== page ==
LONDON - The British government on Sunday ruled out plans to introduce the so-called "vaccine passports" to allow people who have had the jab against coronavirus to travel abroad.
Still, people could get evidence from their doctors if they need it for travelling, vaccine minister Nadhim Zahawi told the BBC.
Zahawi made the remarks as the issue is under discussion in Britain and beyond.
"Of course you have the evidence that you have been vaccinated held by your GP and if other countries require you to show proof of that evidence then that is up to those countries," he said.
One of the reasons for not issuing "vaccine passports" is that the vaccine was not mandatory in the Britain, Zahawi said.
"That's not how we do things. We do them by consent," he said.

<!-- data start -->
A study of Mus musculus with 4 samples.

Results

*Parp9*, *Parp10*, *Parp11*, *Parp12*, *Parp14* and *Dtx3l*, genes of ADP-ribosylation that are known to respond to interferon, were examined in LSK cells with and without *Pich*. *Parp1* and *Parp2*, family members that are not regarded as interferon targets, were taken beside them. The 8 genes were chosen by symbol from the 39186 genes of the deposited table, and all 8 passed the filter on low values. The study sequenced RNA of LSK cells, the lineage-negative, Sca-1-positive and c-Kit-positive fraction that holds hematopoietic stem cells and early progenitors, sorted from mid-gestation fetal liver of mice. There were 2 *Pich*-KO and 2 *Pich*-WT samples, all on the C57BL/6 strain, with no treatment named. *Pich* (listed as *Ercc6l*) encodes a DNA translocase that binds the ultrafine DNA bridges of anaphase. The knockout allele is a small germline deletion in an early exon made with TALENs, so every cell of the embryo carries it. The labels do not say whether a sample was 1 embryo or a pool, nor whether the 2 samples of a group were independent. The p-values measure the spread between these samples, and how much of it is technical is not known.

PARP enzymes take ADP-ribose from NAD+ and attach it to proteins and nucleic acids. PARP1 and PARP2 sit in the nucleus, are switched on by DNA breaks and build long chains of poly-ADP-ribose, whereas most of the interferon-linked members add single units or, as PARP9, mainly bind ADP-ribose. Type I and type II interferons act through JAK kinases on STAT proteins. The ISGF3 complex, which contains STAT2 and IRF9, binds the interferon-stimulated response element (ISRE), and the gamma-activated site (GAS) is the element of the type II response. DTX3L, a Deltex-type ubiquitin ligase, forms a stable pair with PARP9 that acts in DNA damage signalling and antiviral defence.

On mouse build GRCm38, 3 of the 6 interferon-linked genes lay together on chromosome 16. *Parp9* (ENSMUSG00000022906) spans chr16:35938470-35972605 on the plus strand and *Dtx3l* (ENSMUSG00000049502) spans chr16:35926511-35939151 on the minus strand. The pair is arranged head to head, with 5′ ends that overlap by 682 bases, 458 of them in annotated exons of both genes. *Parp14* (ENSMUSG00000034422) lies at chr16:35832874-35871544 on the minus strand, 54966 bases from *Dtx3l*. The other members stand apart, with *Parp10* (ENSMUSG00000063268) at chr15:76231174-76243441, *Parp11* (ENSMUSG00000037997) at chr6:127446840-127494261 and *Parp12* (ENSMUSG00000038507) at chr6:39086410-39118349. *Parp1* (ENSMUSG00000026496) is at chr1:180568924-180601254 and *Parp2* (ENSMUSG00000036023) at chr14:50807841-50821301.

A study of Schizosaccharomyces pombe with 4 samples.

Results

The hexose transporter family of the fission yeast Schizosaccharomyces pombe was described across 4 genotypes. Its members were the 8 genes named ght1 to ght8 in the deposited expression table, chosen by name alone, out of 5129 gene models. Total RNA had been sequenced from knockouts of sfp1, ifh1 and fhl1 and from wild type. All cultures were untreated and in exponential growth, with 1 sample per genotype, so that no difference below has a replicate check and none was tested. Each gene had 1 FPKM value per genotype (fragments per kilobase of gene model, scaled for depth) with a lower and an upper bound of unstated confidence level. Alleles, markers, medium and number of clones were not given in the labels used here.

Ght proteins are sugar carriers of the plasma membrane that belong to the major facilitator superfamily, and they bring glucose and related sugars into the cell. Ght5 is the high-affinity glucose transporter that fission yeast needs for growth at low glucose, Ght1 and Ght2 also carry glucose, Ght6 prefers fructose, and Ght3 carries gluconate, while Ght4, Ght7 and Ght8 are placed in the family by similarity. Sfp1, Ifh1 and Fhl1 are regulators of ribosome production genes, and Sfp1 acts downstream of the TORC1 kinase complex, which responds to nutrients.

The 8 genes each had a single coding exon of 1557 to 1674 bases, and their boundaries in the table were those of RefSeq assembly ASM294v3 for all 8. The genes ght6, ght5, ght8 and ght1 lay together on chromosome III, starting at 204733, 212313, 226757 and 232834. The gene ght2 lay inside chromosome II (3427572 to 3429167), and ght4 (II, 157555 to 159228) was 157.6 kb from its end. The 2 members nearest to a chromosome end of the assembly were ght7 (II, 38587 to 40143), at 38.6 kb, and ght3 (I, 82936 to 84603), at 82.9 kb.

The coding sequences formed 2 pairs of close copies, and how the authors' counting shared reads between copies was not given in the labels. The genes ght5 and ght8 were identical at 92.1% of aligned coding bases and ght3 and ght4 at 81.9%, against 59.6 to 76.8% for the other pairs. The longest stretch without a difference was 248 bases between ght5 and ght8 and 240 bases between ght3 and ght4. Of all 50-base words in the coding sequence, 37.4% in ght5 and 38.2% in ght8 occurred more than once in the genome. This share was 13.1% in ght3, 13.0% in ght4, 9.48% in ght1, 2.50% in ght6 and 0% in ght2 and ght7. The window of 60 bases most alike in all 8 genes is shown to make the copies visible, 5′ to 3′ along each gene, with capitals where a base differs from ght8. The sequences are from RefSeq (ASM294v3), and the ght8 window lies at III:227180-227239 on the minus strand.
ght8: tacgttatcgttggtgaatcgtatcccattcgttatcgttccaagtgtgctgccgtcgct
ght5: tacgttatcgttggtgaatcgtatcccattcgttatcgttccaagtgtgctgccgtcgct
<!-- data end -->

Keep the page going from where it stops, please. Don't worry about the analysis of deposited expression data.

Meanwhile, it is not clear what impact the vaccines would have on transmission of the virus, he said.
Downing Street has confirmed that all British adults aged 50 and older are expected to be offered a first dose of the coronavirus vaccine by early May.
More than 12 million people in Britain have been given the first jab of the coronavirus vaccine, according to the latest official figures.
British Health Secretary Matt Hancock has confirmed that Britain remains "on track" to complete the vaccination of the top priority groups, which cover 15 million people, by mid-February. Britain aims to offer all adults their first dose by autumn.
England is currently under the third national lockdown since the outbreak of the pandemic in the country. Similar restriction measures are also in place in Scotland, Wales and Northern Ireland.
To bring life back to normal, countries such as Britain, China, Germany, Russia and the United States have been racing against time to roll out coronavirus vaccines.